Moosejaw spread the madness!
Headquartered in Madison Heights, Mich., Moosejaw specializes in outdoor recreation clothing and gear for snowboarding, rock climbing, hiking, and camping. The company is known for its quirky, irreverent brand, epitomized on its website as “Moosejaw Madness.” (For example, you can take a quiz to determine your “spirit animal.” Mine’s a USB plug. Like I said…quirky.)
You can imagine how a company like this might thrive on social media. Dan Pingree, Moosejaw’s chief marketing officer, recently talked to us about the company’s approach to social media and pitfalls organizations contemplating these outlets may want to consider before leaping in.
Can you tell me a bit about the social media experience Moosejaw strives to provide its customers?
Social media is about engaging the customer. Our brand voice is so unique in our industry; a lot of people know us because of our silly, off-the-cuff, irreverent humor. We want customers to experience our brand online just as they would if they walked into one of our stores. Everything is intended to reinforce our unique brand voice.
Do you find social media to be an effective sales channel?
Not really. Generally speaking, we don’t push many sales promotions on social media. That’s not to say it doesn’t occasionally drive sales — it can — but that’s not our primary goal.
How do you measure success on social media?
For Facebook specifically, we look at various actions that customers take, including (but not limited to) likes, comments, and shares. Obviously, we also look at our overall fan audience and how many people are talking about us.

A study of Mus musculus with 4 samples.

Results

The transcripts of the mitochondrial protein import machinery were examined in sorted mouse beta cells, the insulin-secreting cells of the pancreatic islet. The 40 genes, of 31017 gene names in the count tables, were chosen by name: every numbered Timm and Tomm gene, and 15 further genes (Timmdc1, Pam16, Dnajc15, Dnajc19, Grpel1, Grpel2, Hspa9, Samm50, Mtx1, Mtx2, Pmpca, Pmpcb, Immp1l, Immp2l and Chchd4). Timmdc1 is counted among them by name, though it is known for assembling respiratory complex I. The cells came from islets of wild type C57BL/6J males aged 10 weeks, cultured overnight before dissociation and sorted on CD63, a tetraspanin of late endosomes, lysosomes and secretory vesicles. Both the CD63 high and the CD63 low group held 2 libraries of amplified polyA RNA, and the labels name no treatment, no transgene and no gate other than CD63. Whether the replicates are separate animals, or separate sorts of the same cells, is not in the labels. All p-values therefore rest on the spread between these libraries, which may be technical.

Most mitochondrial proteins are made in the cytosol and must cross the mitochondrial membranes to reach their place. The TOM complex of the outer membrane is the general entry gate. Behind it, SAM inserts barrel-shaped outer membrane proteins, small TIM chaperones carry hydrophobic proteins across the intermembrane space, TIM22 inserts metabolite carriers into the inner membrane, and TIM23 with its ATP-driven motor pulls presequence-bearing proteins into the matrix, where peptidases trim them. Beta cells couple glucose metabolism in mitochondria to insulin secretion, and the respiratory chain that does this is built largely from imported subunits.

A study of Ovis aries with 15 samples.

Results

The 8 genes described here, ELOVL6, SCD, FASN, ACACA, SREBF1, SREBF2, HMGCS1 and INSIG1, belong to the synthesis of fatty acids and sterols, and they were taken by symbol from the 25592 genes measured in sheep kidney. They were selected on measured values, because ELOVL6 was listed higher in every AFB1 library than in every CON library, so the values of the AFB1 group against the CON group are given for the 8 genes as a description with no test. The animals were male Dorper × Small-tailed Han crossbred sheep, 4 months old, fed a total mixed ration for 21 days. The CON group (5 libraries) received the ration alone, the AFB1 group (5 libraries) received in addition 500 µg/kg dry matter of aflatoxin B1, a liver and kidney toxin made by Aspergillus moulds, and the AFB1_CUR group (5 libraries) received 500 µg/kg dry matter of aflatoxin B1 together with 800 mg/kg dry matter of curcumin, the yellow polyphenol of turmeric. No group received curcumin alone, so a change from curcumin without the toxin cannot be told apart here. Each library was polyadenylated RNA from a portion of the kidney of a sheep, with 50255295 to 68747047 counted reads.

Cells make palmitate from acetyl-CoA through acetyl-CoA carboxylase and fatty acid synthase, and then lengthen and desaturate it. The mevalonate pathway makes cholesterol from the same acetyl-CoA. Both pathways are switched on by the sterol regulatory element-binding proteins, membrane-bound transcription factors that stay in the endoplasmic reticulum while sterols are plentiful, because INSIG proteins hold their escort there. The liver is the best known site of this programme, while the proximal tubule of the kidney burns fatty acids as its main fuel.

Something that’s worked well for us is posting videos of what we call “Test Lab.” We take new and interesting products and test them in different scenarios around the office. In true Moosejaw fashion, they’re funny and bizarre. Those get significant numbers of shares and comments.
What’s a common pitfall when companies start getting on the social media bandwagon?
Failing to have a strategy. What’s the company looking to get out of Facebook, for example? Is it advertising? Because it’s not cheap. It’s not as easy as setting up a page and then waiting for people to come.
Plus, people have very limited time, so they tend to be picky about where they spend it. Social media isn’t a PR machine where you just pump out announcements. It requires taking the time to have a conversation with your customers and investing in good content and experiences to make the fan page something that people want to be a part of.
Just how zany are those Facebook posts?
Here are a few postings from the past couple of months:
- Our CFO is always wandering around and bothering everyone. We’re guessing it’s because he gets bored in his office so we’re going to redecorate. Should we paint it to look like the inside of a submarine, a planetarium, or a calculator?
- Sometimes I order a bunch of Taco Bell on my way home and instead of eating it, I just leave it in the fridge with a note that says: MINE. Drives the roommate crazy.
- Moosejaw Tip #18: Refer to things as “assets” if you want them to sound more important.